The Palo Alto Police Department (PAPD) will equip 90 more police officers with body-mounted cameras if the 2016 Palo Alto city budget passes in June, ending the one-year pilot program and moving to advance this technology to all officers.
The city’s recently announced budget includes allocating $95,000 towards new body cameras, which will allow the police department to expand the use of this new technology in order to promote transparency.
According to a report from the city manager’s office, the PAPD pilot program began in 2013 and consisted of nine body-mounted cameras which were tested primarily with officers on motorcycles.
“This will allow officers, primarily on motorcycles, to capture video evidence when they are away from their vehicles,” the 2015 report said.
In the 2016 budget proposal, body-mounted cameras are noted as a piece of a larger video recording system, as the current in-car recording systems only capture approximately 40 to 60 percent of police field patrol interactions with the public.
The body cameras will work alongside the police department’s recently installed video camera system in patrol cars, which can capture a 270 degree view. This five-camera system is an improvement from the traditional front-facing dash camera.
According to the budget, the body-mounted cameras are predicted to help assist in criminal prosecution, reduce civil liability and aid in the review of alleged misconduct. If the budget is approved, Palo Alto will join a growing number of cities which are adopting body-mounted cameras for police.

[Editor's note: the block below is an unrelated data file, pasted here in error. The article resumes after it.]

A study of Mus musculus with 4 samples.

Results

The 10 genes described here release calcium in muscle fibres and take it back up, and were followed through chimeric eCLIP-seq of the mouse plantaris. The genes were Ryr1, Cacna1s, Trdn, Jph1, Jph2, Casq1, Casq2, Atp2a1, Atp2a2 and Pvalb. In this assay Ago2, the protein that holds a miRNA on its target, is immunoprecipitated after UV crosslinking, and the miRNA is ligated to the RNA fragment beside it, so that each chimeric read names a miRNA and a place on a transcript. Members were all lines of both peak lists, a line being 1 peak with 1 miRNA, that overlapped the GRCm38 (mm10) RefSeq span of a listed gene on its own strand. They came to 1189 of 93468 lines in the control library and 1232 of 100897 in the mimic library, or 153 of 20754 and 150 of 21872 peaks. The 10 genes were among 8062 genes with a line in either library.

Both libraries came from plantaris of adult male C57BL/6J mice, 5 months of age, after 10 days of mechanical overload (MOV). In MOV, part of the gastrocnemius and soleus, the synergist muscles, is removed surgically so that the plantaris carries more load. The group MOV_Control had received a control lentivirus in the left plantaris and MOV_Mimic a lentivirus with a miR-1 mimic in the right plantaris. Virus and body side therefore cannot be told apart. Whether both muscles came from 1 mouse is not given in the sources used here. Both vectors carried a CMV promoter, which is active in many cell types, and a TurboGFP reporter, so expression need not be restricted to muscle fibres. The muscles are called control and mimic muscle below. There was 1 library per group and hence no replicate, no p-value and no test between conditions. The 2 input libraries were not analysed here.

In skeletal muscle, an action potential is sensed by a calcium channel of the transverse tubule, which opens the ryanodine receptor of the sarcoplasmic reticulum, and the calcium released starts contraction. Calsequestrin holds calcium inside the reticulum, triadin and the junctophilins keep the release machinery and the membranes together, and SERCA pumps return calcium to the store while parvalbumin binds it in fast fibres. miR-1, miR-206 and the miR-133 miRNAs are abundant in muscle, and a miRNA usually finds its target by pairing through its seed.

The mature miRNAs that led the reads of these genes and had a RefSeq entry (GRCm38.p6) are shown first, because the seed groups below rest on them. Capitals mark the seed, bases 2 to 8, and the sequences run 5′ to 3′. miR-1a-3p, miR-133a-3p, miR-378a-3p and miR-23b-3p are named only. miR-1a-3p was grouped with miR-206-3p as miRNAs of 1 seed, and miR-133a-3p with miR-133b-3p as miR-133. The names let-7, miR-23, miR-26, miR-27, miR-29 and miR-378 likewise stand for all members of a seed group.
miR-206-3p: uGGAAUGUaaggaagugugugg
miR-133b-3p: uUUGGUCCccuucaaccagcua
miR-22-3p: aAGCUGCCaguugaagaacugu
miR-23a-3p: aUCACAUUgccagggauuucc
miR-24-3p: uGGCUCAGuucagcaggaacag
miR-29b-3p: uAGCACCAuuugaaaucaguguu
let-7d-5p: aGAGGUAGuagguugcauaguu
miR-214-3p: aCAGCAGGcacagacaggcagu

Last year, Santa Clara Supervisor Joe Simitian led an investigation about the use of technology for sheriffs. Based on the research conducted by his staff, he believes that body-mounted cameras have the potential to reduce excessive force, and assist officers in investigations.
Last month, San Francisco Mayor Ed Lee announced a budget that included $3 million to equip all police officers with body-mounted cameras. His announcement follows similar announcements from cities such as Baltimore and announcements of pilot programs in New York, Chicago and Washington.
According to a survey, conducted by PoliceOne and TASER International, around 25 percent of police agencies are using body-mounted cameras and 80 percent of agencies are evaluating future use of the technology.
Furthermore, The American Civil Liberties Union (ACLU) fully supports the use of body-mounted cameras to increase officer accountability. However, it believes that the systems still have the potential to invade the public’s privacy.
“Overall, we think [body-mounted cameras] can be a win-win — but only if they are deployed within a framework of strong policies to ensure they protect the public without becoming yet another system for routine surveillance of the public and maintain public confidence in the integrity of those privacy protections,” ACLU Senior Policy Analyst Jay Stanley wrote in an article.
The use of body cameras has recently come under fire, due to the inconsistent use by officers and possible infringement upon privacy.
“We have to know why they will be used, and what safeguards are in place to make sure they won’t be misused.” Chauncee Smith, racial justice advocate for the ACLU of Northern California said in an interview with the San Francisco Chronicle. “People’s privacy needs to be protected.”
Nevertheless, police departments are touting the benefits of body-mounted cameras, including drops in use of force incidents and complaints from citizens. After equipping its police department with body-mounted cameras, the Oakland Police Department saw a 72 percent decrease in use of force incidents.
If the proposed budget is passed by the city council in June, officers will have another tool to aid in protecting themselves and the public.